Pendragon's (PDG) profits warning on Monday was another worrying sign for a car industry hit by an oversupply of vehicles and faltering consumer confidence. It sent shares in the dealerships business – best known for its Evans Halshaw and Stratstone forecourts – crashing as much as 28%. But is the sell-off overdone?
Long-time chief executive Trevor Finn admitted that profits this year will be closer to £60 million than the £75 million promised. An interim profit of £48 million implies Pendragon will make just £12 million in the second half.
However, he also said that profits growth will return next year, a pledge he has now backed up by shelling out £445,000 on shares in his own company.
His personal vote of confidence in the outlook soothed fears of investors and helped jump-start the company’s ailing share price, which today rallied up to 17% or 3.75p to 26p. It had fallen as a low as 20.69p yesterday.
Finn’s purchase was accompanied by the acquisition of £117,249 of shares by new chairman Chris Chambers, a non-executive director since January 2013 who has taken over with immediate effect from Mel Egglenton.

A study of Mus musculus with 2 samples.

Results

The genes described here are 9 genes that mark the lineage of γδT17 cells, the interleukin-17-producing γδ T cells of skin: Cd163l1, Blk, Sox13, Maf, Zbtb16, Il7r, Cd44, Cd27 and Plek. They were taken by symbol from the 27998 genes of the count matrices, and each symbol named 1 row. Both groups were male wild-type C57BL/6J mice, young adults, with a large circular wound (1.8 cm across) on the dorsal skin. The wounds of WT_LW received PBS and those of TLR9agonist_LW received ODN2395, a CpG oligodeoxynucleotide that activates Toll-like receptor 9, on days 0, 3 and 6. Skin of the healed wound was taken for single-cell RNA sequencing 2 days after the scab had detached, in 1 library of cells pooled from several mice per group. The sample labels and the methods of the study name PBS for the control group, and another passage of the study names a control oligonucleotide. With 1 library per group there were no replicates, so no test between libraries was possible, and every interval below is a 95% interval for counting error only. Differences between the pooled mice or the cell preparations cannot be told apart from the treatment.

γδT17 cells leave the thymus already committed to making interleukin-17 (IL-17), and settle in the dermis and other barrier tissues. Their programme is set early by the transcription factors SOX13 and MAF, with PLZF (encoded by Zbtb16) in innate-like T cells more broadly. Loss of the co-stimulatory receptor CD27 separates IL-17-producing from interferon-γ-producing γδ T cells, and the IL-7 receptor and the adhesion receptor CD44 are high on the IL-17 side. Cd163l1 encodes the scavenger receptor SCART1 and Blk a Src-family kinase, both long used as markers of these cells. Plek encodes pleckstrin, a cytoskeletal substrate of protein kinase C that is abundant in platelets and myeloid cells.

Finn picked his 2 million shares up for just 22.25p each and Chambers his 510,000 shares at a whisker under 23p. At a current price of 25p, the boss is sitting on a paper profit of £55,000 and the new chair over £10,000.
The purchases were made the day after the company issued its profits warning, amid declining demand for new cars and a knock-on impact for the price of used vehicles.
With UK market car registrations down by 8.9% in the third quarter, Pendragon said its predicament was not helped by certain manufacturers continuing to force vehicles into the market despite softening demand.
Pendragon said: “During the quarter as consumer confidence waned we experienced significant market pressures.”
It expects the new car market to continue to decline this year and the first half of next year as manufacturers adjust to the reduced level of demand for new cars.
However, used car volumes are expected to continue to grow and Pendragon is still looking to double revenues from this sector in the five years to 2021. The company also benefits from the resilience of its aftersales business, which is the group’s largest profit contributor.
This article is for information and discussion purposes only and does not form a recommendation to invest or otherwise. The value of an investment may fall. The investments referred to in this article may not be suitable for all investors, and if in doubt, an investor should seek advice from a qualified investment adviser.